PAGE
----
Some 90 minutes into Sultan’s running time comes a short and rather remarkable scene. Sultan (Salman Khan), a former wrestling champion, stands in front of the mirror and stares at his bare top half, once a mass of rippling muscle, now flabby and undefined. Face twisted in disgust, he glares at his reflection until, suddenly, he snaps, grabbing his shirt and trying unsuccessfully to cover up the evidence of his decline. Then, he breaks down. The camera stays with him, just long enough to move past “strong man in agony" and access something a little more uncomfortable.

From an actor who isn’t known for putting himself out there emotionally, this is unexpected stuff. One might assume, both from the roles he takes up and his public persona, that Khan considers vulnerability to be beneath him. Yet, in this moment, he’s as open as he’s ever been on screen. Whether playing a plain-spoken fighter who’s at a low point in his life and in need of redemption triggered something within him is impossible to say and too irresistible not to speculate on.

The film begins with MMA (mixed martial arts) promoter Aakash Oberoi (Amit Sadh) tracking down Sultan and asking him to fight in his faltering tournament. He’s rebuffed by the wrestler, who quit wrestling years ago, at the height of his fame. In an extended flashback, Sultan’s friend Govind (Anant Sharma) recounts for Aakash Sultan’s rise from expert kite-chaser—which, even in the small Haryana town of Rewari, marks him out as supremely unambitious—to Olympic medallist and world wrestling champion. We also track his relationship with wrestler Aarfa (Anushka Sharma) from infatuation to marriage and find out how a rift between them became the reason for his decline.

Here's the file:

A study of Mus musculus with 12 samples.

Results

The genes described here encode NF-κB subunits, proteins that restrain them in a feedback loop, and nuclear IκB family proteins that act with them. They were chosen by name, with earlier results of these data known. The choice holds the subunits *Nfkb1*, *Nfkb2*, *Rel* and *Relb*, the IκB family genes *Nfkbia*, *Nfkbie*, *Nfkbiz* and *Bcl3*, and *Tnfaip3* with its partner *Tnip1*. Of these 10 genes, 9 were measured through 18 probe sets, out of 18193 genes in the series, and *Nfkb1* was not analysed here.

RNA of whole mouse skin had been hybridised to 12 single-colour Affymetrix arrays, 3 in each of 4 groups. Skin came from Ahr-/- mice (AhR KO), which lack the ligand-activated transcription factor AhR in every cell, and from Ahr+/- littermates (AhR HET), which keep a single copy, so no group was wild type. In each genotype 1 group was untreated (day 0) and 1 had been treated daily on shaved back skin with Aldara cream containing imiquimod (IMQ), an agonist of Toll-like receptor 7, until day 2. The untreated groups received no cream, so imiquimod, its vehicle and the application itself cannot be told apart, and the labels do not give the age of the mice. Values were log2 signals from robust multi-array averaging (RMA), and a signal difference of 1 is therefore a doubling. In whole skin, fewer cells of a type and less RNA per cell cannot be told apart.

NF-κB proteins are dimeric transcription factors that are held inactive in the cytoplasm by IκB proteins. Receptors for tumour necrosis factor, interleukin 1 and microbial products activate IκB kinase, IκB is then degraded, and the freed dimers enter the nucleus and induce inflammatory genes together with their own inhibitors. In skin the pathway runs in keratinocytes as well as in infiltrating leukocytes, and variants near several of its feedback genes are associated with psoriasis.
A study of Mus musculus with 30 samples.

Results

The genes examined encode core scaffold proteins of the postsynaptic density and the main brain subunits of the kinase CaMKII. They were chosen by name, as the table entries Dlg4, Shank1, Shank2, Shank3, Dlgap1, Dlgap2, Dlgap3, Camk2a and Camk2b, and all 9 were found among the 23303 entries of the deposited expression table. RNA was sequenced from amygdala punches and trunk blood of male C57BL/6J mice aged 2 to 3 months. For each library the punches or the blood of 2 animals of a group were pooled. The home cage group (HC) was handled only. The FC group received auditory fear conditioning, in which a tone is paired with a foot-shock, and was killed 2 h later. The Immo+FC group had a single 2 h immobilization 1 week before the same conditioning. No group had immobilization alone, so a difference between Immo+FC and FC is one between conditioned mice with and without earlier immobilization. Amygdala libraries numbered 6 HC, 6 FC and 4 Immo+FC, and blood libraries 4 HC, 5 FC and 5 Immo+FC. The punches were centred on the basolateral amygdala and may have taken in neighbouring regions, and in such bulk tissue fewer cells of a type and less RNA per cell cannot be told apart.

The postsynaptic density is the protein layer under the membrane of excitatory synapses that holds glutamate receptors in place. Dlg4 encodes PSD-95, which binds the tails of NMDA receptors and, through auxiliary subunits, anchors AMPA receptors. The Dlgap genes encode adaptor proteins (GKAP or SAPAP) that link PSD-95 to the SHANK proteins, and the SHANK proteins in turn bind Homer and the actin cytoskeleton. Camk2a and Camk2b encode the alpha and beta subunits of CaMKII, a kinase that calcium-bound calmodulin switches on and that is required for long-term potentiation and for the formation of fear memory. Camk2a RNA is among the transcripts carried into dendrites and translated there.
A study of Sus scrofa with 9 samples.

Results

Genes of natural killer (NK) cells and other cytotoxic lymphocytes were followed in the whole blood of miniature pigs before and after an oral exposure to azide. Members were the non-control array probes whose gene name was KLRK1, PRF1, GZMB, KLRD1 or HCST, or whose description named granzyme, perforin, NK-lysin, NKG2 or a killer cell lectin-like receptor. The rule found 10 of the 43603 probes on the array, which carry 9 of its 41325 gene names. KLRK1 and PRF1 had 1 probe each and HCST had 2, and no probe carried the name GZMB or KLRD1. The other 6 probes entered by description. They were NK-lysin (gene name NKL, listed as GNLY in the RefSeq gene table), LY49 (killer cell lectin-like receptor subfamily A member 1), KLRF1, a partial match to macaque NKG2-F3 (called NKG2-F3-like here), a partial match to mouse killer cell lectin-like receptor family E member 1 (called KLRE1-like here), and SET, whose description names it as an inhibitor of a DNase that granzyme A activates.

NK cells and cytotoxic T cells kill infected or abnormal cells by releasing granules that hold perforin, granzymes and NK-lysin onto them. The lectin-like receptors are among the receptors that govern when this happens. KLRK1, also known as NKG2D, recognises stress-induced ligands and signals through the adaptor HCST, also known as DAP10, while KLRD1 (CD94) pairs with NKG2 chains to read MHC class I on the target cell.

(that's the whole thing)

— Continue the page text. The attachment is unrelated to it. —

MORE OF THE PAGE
By the time we’ve arrived at Sultan’s moment with the mirror, Aakash has persuaded him to return to the ring, despite him being 40, unfit and unaccustomed to MMA fighting. Though it was clear even in the trailer that this would be a hard-won redemption story, writer and director Ali Abbas Zafar doesn’t take any chances, getting Sultan to literally say “underdog". The film throws a kitchen sink filled with sports movie tropes at the viewer: initial training montage, final-stretch training montage, tough-as-leather coach. Sadly, the fights themselves aren’t memorable; most of them involve Khan taking a lot of punishment before disposing of opponents, quickly and unconvincingly, with a signature slam.

Even though this is a film painted largely in broad strokes, there are certain small decisions that are unusual and encouraging. Take, for instance, the film’s treatment of Aarfa. At one point, she seems like she’s going to be just another good Bollywood wife, sacrificing her career for her husband’s. Yet, though she does quit wrestling when she becomes pregnant (the film implies it may be accidental), Aarfa is allowed the space to be resentful about this. Sharma plays these scenes beautifully, her bitterness and regret frustrated by Khan’s stolid responses.

It’s also worth noting how, in a film about the ultimate desi jock, machismo is curiously absent. It’s not just the presence of female wrestlers throughout the film—even Sultan’s motivation to join the akhara isn’t to prove his manliness to Aarfa but to gain respect in her eyes. In other words, he wants to be like her. To put such thoughts in the mind of a Salman Khan character—which isn’t where one usually looks for female empowerment—strikes me as a very enlightened attitude on the part of the film.

Everyone does their job with a degree of professionalism befitting a Yash Raj Films production. There’s too much slo-mo as usual, but Artur Zurawski’s camerawork is nimble. Vishal-Shekhar’s title song is played something like a dozen times in the film and is catchy enough to withstand this overuse (credit, also, to Irshad Kamil’s lyrics). Zafar’s writing is simplistic but rousing; one could say the same of his direction too. There’s no Nawazuddin Siddiqui to partner Khan this time, but Anant Sharma is very funny as Govind. Anushka Sharma’s anger was, for me, the best thing in the film. And Khan, for once, seems to grapple with the material, occasionally finding in the older Sultan the world-weariness of an ageing gunfighter.